Daily Archives: August 30, 2008

Quantum Entanglement



The image above documents my contribution to the New Arts Program’s Invitational Salon Exhibition of Small Works for 2008 (on display from late spring through mid-summer).

“Quantum Entanglement,” the title of the piece, refers to one of the most strange and perplexing properties of the universe. It is both mathematically and experimentally verifiable on the subatomic scale that a pair of particles, such as two electrons, can share a relationship described as “entanglement.” In such a situation, the two particles can share information and respond to state changes between themselves at astronomical distances far faster than the speed of light – or potentially even, instantaneously.

Such a radical attribute of the known universe shakes even Einsteinian Physics to its foundations. And if the subatomic world is suffused by entangled particles and energies, then the entire universe shares in this quality. Entanglement denies the deepest comprehensible notions of both space and time – collapsing them into a kind of singularity. It is as if the Big Bang was not an instant of the remote past – more likely, it is a quality of the present moment.

And after all, why should it not be this way? To think the present moment is something other than the very crown of creation is to place that supreme achievement of the universe’s “coming into being” elsewhere. And where exactly could that be? The past? Where is the past? The future? As you know, the future never arrives. We always inhabit the present moment, do we not?

Take a look around you. This is what the Big Bang looks like. The universe is beginning now. And it is all connected – everything and everywhere – all at once. It is composed of all and everything, all potential, all probabilities and all possibilities, past and future resonating – spiraling infinitely both inward upon itself and outward into the great void, instantaneous and eternal…all happening right here and right now.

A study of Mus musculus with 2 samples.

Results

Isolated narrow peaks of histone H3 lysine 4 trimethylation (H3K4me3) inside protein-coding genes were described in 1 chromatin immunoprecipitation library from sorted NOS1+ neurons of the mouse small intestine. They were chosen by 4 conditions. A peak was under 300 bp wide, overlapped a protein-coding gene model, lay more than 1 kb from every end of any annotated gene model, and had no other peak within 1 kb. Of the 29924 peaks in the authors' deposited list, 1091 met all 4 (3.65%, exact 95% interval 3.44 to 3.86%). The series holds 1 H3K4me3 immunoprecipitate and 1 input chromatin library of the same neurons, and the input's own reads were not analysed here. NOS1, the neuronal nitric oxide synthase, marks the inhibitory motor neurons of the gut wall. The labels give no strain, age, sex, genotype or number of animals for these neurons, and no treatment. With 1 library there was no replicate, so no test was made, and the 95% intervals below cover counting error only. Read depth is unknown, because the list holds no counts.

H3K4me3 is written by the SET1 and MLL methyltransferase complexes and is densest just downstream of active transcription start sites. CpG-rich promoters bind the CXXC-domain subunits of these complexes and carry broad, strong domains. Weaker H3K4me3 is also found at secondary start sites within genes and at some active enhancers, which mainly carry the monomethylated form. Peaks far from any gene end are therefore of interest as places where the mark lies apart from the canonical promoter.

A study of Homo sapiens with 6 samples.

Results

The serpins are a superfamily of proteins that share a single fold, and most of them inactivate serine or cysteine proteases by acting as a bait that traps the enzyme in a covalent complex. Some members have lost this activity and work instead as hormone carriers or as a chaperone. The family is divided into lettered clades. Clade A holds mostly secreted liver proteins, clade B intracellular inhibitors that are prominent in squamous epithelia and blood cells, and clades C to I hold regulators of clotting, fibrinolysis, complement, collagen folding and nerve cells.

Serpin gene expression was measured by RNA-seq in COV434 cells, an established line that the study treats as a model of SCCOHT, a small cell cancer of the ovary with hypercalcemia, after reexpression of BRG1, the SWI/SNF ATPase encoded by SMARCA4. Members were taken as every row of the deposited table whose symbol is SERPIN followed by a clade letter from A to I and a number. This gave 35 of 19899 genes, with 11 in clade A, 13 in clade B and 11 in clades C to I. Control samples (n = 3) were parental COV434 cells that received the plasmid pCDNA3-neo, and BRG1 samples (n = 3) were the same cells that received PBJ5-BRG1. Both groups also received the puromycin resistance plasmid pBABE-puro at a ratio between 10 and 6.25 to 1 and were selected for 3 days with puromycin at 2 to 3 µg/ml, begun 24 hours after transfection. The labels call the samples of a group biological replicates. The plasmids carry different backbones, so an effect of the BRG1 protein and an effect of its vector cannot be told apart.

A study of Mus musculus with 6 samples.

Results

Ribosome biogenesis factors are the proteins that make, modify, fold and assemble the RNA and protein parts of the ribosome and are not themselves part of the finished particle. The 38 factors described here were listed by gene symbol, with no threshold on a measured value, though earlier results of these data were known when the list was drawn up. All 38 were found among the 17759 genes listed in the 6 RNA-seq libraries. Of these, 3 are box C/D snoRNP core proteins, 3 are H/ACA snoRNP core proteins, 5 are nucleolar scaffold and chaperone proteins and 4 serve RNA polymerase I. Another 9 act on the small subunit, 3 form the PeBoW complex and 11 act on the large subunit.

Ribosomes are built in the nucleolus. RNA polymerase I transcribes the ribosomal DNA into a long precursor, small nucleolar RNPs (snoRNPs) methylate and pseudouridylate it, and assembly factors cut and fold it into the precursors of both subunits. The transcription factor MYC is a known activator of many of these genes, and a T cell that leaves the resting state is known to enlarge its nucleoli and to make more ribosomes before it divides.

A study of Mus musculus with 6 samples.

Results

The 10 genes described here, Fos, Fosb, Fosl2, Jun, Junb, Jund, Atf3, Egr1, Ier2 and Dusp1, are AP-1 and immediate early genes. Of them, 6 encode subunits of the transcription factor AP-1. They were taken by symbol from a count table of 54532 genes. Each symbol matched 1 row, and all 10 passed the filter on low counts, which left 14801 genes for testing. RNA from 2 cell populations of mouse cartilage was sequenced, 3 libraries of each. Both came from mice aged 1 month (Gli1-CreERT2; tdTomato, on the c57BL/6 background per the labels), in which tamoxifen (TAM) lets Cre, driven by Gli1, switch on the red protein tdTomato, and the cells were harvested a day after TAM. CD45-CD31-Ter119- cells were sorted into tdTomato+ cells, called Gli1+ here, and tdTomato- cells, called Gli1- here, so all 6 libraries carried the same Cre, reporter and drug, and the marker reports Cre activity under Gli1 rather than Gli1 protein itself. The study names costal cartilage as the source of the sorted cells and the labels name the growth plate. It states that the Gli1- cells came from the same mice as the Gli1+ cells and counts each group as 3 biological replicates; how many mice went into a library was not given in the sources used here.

As you know, my interest in science is aesthetic and philosophical. And in the several decades I have been writing about the new physics, more and more scientists have arrived at similar appreciations and understandings of their disciplines. Consciousness, for example, once ruled out as unknowble and unmeasurable and nothing more than the electro-chemical end-process of the brain, is now often seen as central and crucial to the very existence of the quantum universe and the universe at large.

In the coming weeks, I’ll be writing more on the new physics and the quantum universe. My entries will be filled with experimentally verifiable facts and also current scientific and philosophical speculation about those facts. There will be much to call “strange” about all of this new science. After all, it was Albert Einstein himself, who called this entire new universe of scientific discourse, “spooky.”


To find out more about quantum entanglement, follow these links:







Image: “Quantum Entanglement,” Tullio Francesco DeSantis, concept piece, 2008.